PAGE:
The body of a Coronado-based Navy lieutenant killed in action in Afghanistan arrived at Naval Air Station North Island Thursday from Delaware's Dover Air Force Base.
Standing nearby was a group consisting of members of the Navy's Explosive Ordnance Removal Teams. Closer to the plane were rows of flag-bearing members of the Patriot Guard Riders, ready to escort the funeral procession.
Mosko's wife, Amanda, leaned down to kiss her husband's flag-draped coffin, and then she held on to it for a moment. The couple's beloved dog, Bailey, was standing by her side.
Hundreds of Coronado residents lined Fourth Street to pay their respects, some carrying American flags, as Mosko's body was carried as part of a motorcade to a mortuary in Hillcrest.
"He respected our country, so this is just a great way to celebrate his life," said 10-year-old Ryan Wood, who watched the procession.
Deeba Zaher, principal of Coronado Village Elementary School, said, "This is all part of learning about our country and what's important."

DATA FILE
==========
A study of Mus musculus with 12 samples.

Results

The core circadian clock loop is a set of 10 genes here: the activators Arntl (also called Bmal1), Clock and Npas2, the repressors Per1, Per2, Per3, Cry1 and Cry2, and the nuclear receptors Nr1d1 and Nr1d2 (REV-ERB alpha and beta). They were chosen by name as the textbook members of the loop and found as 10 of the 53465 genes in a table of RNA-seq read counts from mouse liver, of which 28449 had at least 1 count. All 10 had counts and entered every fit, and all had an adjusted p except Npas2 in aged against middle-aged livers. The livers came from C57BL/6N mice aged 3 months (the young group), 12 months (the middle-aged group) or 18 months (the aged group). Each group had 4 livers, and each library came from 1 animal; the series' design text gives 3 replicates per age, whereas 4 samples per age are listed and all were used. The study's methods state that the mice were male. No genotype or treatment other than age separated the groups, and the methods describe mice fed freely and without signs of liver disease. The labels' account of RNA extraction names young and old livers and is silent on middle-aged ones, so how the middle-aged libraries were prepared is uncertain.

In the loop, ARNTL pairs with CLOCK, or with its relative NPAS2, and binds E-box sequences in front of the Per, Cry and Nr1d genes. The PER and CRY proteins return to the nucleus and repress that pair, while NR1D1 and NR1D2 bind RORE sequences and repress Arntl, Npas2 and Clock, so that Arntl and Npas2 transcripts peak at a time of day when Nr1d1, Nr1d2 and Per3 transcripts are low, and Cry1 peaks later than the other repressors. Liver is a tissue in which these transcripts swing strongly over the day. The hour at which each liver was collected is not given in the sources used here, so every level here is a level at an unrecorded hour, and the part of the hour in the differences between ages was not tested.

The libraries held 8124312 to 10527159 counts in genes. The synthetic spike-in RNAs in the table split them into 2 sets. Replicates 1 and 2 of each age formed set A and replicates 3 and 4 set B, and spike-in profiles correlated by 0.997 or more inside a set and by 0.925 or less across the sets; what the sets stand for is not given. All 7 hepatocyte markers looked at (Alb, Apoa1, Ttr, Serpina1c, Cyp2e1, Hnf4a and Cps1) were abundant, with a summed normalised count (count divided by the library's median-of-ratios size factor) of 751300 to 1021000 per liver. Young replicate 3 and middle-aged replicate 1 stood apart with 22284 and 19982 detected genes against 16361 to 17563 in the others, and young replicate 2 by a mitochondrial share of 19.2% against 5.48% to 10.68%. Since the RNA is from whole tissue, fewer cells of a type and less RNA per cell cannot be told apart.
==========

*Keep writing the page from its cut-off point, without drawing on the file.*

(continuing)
Marine Gunnery Sgt. Paul Bustamante was among many members of the armed forces lining the streets.
"That's why we're standing here to honor the lieutenant and to welcome him home," he said.
"He excelled in what he did and more so, he was a great leader for the people that worked with him and the people that worked around him," Lt. Cmdr. Gareth Healy said.
A private memorial service is scheduled for Friday at Naval Base Point Loma, followed by burial at Fort Rosecrans National Cemetery.
Mosko was a native of Worchester, Mass., and graduated from Drexel University before moving with his wife to San Diego. His family lives in Pittsford, N.Y., a suburb of Rochester.
Johnny Campbell, 10, said of the Mosko family, "I would hope they recover from their sadness from all this."